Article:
A missed opportunity on the fire ground can lead to injuries and fatalities.
If you have been following this series of articles, we have been discussing the journey to fire service leadership. In this segment, we will discuss missed opportunities: Those things we wish we had done or had done differently.
We probably all have had a situation where when we learn of a friend's passing we would say something like, "I wish I had told them how I felt" or "I wish I had gone to see them more."
The point is that we have now missed that opportunity. The moment is gone. As much as we may regret it, we can't change it. If we take a moment to think about it, we may be able to avoid the pitfalls of these missed opportunities by being more attentive to others.
We can compare this to the fire service as well. We sit back after the fire has gone out and say, "I wish I had done this different or that different," for us this is a critique. We can wish we had done something different, but the fact is we didn't. What we did was what we did, and we have to live with it. We have missed the opportunity.
When we miss that opportunity we may never get a second chance. If someone has been injured or killed because of your actions, we may never get the opportunity to tell them how we feel. Telling the family we are sorry may be of little comfort. Any regrets we will have to live with. This is a cold, hard truth. Every missed opportunity is not that dramatic, but it does make the point of how our actions as leaders affect others.
There are no "do-overs" in the fire service; our "do-over" is the next alarm. That is when we can learn for our mistakes and apply our experience to the next situation. Woulda, coulda and shoulda should never enter into this discussion. If you coulda done something different, then you shoulda.
Then what woulda been different? These words come from failures. This is how you second-guess yourself. Firefighters and fire officers must be prepared for this. We can't fail. People's lives depend on our quick and proper actions. The time to learn is now. Don't let the opportunity pass you by. Leaders must limit the number of missed opportunities. Make every alarm a learning experience, for yourself as well as people you supervise. Their skills are a reflection of your instruction.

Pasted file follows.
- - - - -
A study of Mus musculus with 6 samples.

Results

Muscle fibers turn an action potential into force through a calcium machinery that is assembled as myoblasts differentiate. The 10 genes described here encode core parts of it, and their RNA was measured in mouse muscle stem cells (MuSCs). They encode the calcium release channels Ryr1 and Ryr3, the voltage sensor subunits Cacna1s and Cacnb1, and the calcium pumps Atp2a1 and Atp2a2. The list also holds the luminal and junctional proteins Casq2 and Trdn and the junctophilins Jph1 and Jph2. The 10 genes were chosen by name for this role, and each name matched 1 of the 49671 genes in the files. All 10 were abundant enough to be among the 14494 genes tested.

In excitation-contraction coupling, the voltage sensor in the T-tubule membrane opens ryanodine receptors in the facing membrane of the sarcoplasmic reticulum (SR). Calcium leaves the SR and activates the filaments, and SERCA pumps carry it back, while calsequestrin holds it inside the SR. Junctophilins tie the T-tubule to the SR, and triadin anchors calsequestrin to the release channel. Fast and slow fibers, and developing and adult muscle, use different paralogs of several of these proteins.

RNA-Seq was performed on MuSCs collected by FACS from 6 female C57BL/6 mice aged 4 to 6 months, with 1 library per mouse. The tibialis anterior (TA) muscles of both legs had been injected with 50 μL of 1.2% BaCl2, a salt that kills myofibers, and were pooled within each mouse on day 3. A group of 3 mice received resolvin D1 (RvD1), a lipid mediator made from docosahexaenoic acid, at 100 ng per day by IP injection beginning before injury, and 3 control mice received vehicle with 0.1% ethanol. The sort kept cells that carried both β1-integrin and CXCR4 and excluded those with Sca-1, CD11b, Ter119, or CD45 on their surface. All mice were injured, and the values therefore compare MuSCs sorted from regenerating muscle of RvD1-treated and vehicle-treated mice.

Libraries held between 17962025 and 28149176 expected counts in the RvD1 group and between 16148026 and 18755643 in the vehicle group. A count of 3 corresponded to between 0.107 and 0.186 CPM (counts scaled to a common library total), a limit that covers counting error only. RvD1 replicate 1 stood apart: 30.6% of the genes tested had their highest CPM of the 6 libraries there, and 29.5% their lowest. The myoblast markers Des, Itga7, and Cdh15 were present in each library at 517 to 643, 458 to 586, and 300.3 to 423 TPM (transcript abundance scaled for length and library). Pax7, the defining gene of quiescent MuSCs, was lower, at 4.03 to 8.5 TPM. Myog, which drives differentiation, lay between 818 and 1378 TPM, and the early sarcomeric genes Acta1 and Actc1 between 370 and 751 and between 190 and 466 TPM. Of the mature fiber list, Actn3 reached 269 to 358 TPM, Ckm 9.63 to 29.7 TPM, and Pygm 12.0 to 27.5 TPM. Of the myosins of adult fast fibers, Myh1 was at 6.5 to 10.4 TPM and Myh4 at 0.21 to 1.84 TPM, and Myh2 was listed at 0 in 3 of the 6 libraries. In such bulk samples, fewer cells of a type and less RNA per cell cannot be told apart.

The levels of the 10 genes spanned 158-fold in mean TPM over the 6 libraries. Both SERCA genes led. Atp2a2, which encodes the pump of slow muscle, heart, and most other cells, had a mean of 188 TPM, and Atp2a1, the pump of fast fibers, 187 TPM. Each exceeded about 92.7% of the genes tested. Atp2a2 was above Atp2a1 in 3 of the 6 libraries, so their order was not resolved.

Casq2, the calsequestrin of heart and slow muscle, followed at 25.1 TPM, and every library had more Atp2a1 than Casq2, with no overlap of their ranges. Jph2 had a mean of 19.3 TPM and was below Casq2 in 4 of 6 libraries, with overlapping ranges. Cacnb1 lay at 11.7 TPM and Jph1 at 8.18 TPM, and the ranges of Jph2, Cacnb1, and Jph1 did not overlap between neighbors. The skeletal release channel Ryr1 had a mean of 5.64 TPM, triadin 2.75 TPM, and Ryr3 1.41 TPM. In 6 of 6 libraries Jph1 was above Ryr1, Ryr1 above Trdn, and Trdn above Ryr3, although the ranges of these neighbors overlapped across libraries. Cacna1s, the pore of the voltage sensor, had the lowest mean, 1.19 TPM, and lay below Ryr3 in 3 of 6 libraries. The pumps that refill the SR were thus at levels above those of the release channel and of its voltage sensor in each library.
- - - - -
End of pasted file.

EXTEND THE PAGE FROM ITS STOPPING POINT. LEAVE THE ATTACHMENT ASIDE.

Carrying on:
If you have never cut a roof at a fire as a firefighter and now you are an officer, you have missed that opportunity.
How critical that becomes depend on where you are assigned. Everything done by your subordinates, that you never did before you became their superior, is also a missed opportunity. Now we all can't do everything. But, as a leader, we must be familiar enough with the process to be able to speak on it with authority. That comes from experience.
Some leaders may have never worked in a truck company before they were promoted. They may have missed the opportunity to force a door but, their time in the engine may have given them years of experience in nozzle techniques or pump operation. This experience becomes their strength and forcible entry is a weakness.
Some would say that I don't need to know how to do everything. I am the leader and it's not my job,. My job is to get them to do it. That may be true but, let me give you an example. I don't need to know how to operate the pumps on the rig because that is the driver's job.
But what happens when the driver calls you on the radio and tells you he can't get the rig into pump or tells you he is drawing a vacuum? If you have never been a pump operator or at least trained in the pump operations you would not know what to do or how critical a problem either event may be. Now, how does it look for the leader when he has a blank look on his face when the guys ask him what to do?
If the firefighters are having trouble forcing the door, how can you tell if they are doing it right when you have never done it. That is when those missed opportunities will rear their ugly head.